Mackenzie Smart, the founder of the university's SDG Club, says this is their second summer doing this project.

CHARLOTTE, N.C. — Students at UNC Charlotte are giving back to the community in a colorful way.

The university's SDG Club, short for 17 Sustainable Development Goals made by the UN, aims to educate and inspire change in the community through student-led projects.


The crayons will then be melted down to make new crayons and donated to kindergarten classes across the Charlotte area.

Credit: Mackenzie Smart

Mackenzie Smart, the founder of the SDG Club and a graduate of UNC Charlotte, said this is their second summer doing this project.

Smart said she was inspired to start the project after seeing crayons being thrown away at her job.

"I'm a waitress, and the place I work at, we were just kind of throwing away the crayons. And I was like, 'this feels wrong.' We need to do something with them," she explained. "I flashed back to when like in kindergarten when we would take those little pieces and melt them down in the little oven and the teacher's work room and make new crayons and I was like, 'maybe we could do something like this.'"

@unccsdg

Welcome to the crayon project! 🖍 Thank you to everyone that made this possible! We can’t wait to do it all again next summer! #sdgs #sdg13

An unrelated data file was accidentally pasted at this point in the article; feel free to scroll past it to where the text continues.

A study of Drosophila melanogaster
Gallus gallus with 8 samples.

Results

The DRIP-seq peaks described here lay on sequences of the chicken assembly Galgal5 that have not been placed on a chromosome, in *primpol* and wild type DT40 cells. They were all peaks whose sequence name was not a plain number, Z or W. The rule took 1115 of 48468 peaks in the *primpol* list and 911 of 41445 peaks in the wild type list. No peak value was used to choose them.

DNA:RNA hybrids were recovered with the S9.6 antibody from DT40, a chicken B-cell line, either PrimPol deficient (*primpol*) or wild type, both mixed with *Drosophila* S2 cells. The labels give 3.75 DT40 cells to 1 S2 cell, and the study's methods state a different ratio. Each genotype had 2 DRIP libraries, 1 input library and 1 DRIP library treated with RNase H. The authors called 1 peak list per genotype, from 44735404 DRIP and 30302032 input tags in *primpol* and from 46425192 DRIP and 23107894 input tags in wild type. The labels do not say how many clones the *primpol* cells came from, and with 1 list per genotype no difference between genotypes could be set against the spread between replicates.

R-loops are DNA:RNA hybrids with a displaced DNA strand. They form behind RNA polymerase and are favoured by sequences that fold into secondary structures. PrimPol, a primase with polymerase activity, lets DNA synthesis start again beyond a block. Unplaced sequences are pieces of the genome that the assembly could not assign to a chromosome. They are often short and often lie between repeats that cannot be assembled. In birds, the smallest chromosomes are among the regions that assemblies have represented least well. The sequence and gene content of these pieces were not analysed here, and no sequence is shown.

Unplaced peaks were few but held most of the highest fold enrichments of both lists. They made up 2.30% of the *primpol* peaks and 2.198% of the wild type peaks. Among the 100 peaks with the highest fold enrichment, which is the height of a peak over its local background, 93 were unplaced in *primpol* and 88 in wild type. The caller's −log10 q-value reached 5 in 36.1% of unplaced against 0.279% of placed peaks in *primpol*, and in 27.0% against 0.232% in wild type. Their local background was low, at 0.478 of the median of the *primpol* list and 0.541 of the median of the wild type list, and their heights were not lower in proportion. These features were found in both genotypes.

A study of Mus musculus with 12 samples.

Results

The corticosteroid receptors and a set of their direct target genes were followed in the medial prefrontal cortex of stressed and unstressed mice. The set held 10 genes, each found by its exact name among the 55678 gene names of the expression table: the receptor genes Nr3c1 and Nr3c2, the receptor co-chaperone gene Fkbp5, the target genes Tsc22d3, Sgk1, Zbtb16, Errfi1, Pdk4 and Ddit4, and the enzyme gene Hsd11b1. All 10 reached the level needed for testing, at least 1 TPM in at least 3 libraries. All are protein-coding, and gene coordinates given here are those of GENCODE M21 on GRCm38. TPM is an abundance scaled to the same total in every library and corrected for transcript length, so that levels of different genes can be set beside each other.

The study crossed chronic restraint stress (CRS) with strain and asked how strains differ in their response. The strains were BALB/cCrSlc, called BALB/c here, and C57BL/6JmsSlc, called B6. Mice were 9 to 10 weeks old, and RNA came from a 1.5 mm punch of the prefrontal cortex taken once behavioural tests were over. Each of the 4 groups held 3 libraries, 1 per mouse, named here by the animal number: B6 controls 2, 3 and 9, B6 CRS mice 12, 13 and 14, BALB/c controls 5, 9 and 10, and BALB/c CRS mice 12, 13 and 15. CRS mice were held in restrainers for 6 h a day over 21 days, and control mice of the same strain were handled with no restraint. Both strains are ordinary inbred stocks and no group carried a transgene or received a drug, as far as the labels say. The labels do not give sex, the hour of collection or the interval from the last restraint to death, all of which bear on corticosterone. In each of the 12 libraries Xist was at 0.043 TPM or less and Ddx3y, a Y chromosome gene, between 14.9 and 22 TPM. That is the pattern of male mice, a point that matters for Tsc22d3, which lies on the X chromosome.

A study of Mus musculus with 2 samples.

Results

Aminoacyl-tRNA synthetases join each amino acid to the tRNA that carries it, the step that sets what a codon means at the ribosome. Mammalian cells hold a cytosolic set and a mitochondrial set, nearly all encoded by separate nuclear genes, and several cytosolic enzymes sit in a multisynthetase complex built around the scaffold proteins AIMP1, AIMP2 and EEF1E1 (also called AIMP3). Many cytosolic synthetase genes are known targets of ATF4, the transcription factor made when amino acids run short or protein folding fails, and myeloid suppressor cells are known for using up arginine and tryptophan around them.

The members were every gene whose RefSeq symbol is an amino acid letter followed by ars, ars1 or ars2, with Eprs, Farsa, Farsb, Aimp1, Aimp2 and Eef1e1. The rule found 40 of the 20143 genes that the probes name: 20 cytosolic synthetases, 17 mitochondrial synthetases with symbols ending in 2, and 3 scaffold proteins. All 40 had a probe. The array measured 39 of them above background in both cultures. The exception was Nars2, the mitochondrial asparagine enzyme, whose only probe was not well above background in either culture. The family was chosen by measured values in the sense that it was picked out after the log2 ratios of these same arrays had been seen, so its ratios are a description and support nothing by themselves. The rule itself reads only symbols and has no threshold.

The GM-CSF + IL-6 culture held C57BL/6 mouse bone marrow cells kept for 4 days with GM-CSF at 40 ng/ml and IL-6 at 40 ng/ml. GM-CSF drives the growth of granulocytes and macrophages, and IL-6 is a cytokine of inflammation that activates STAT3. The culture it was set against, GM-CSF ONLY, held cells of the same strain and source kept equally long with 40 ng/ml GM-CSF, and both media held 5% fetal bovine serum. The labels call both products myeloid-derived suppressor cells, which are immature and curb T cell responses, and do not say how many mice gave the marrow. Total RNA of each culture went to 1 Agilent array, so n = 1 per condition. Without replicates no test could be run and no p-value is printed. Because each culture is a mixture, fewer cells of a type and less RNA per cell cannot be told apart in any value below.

♬ Steven Universe - L.Dre

Thousands of crayons were donated during last year's project, so it was only fitting that the SDG Club kick it off for a second year.

Kylee Hughes, current president of the SGE Club, said she's amazed by how such a simple idea could have such a major impact on young kids.

"It's also something so menial, you really don't think about how often crayons are used in the Charlotte area, because there are so many schools in CMS," Hughes said. 


"Getting those kids interested too because they love to be part of things. It's almost like a competition for them," she said. "Especially when we have the outreach to be able to kind of maybe give a demonstration to a lot of those classrooms, they could be interested in doing it themselves. So it's just kind of like a domino effect."

One of the purposes of the project is to create a sustainable way to provide crayons to kids in Charlotte.


"One of the great things about this project too is that it educates about the sustainable development goals, in particular, sustainable development, goal number four, which is about quality education," he said. "It's great to be able to see that through a project like this, which focuses on ways to recycle, reduce, reuse, to be able to also educate about these sustainable development goals, which are going to be the key for a healthier, more sustainable planet."

Learn more about the SDG Club and its initiatives here.